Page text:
Admittedly, the closest I’ve come to indulging in Asian literary influences were Sidhartha from a Far Eastern Literature class in High School, a Folklore course in college, and a bit of Manga, Dragon Ball Z, and Pokemon from my son’s affiliations when he was young. It’s sad, I know. I’ve been living under multiple rocks for far too long. Yet in my own defense, there is so much spectacular literature in the world… I can’t possibly be expected to understand it all intimately. So, with this read, I’ve been introduced to a new escapade in storytelling… at least for me… and I’m delighted.
I can’t tell you what I expected when I began reading this novel. I heard the author, Xander Cross, read during a few Virtual Book Festivals, and so I had a bit of a taste… but I was walking in largely unaware of what I might find. I love picking up books this way… first introductions are incredibly seductive.
What I can tell you now is that not one page of this book was tedious or indiscriminate. Every moment of conflict or repose was crafted for a reason. Every word of dialogue is spoken with the goal of revealing a personal connection you didn’t think you’d find. The cadence of the story feels natural, and the breadcrumbs of anticipation are impossible to neglect. The author knows his way around the playground of Asian folklore. His devotion to research adds depth to his writing as he crafts a respectful homage inside the allure of dystopian possibility.
Each of the characters in this story are full and rich in their creation. They fight, speak, dream, and strategize exactly as they should… none of it is out of place, nor dropped in simply for shock value. As the main character and the others follow through their individual story goals, we watch loyalties unfold and we discover relatable characters where we least expect them. Rather than trite, magic is natural. Battle is an honored tradition; a currency to earn respect.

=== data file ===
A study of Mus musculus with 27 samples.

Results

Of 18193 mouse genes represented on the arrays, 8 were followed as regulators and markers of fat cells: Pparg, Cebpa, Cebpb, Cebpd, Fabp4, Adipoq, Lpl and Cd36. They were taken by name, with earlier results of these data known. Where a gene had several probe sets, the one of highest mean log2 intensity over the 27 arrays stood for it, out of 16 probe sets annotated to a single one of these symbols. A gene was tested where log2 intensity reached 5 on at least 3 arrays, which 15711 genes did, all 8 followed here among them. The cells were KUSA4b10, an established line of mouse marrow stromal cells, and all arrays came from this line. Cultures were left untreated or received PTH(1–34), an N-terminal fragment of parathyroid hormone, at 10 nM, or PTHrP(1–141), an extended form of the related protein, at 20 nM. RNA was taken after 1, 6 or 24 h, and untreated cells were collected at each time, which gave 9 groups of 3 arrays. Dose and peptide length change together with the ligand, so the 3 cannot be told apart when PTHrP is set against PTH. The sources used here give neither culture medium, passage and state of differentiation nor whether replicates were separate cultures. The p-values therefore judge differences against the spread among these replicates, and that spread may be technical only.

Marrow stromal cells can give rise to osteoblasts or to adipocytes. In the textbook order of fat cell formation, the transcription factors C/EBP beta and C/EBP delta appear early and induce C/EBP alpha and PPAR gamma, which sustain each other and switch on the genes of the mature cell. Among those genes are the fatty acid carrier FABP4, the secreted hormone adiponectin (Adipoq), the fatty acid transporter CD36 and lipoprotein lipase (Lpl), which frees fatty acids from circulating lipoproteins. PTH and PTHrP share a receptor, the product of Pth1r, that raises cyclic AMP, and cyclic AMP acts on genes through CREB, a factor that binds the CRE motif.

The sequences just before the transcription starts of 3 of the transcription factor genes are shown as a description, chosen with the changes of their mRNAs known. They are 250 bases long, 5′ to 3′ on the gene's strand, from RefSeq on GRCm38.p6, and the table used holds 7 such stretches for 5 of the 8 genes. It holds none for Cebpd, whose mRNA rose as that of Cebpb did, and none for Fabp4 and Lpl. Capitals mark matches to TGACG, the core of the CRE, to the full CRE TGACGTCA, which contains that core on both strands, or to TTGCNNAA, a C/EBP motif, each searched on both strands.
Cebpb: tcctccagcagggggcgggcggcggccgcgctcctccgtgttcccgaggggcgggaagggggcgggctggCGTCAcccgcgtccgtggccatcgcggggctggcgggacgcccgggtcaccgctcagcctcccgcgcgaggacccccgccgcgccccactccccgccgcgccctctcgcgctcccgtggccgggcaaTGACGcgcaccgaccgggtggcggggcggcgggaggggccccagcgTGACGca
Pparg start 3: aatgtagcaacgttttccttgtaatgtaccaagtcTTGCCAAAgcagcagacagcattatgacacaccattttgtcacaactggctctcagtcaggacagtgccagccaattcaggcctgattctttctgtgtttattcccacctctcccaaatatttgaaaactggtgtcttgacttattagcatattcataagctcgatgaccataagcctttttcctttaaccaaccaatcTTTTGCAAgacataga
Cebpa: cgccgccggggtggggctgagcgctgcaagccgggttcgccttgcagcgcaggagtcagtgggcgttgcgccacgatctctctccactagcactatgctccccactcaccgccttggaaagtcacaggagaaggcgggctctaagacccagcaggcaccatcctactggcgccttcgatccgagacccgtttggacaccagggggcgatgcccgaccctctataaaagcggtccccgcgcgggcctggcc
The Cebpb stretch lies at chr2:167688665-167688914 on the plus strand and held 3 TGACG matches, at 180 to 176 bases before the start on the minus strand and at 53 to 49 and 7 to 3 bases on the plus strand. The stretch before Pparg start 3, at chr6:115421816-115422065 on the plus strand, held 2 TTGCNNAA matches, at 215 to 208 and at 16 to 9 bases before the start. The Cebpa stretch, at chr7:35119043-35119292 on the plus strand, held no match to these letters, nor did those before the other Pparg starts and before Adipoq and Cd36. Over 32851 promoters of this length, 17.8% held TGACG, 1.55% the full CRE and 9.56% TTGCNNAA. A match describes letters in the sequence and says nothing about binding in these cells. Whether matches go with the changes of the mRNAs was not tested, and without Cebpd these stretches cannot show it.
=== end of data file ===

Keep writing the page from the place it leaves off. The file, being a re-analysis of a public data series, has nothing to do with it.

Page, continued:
The most interesting aspect of this book for me, was the way the author crafted the evolution of his main character. We’re taught in creative writing class that a protagonist should evolve, grow, and change toward a positive arc as the story tracks from chapter one to the end. Xander has, quite skillfully, flipped this notion inside out. The protagonist, Hayate, moves through the story from a place of near serenity and focused spiritual purpose, toward a place of emotional and spiritual degradation, but he retains a hard-won respectful dignity. It feels perfectly right that he does not deserve our disdain. We cheer for him at every step. Why? Because as our eyes inhale the story, we share in his frustration as he recognizes his fall from grace. We acknowledge that he’s making the change out of self-preservation and within the very same traditions that enlightenment demands.
Throughout this story, subtlety lives well in the shadows with assertive posturing, vibrant word choice, and emotional manipulation. This author has done nothing by happenstance. It’s all a beautifully choreographed dance revealing the underbelly of survival without giving in to the trope of sacrifice.
This is the first book of a series I am eagerly looking forward to devouring. Thank you, Xander Cross; you’ve set the bar very high for my next Asian folklore reading experience.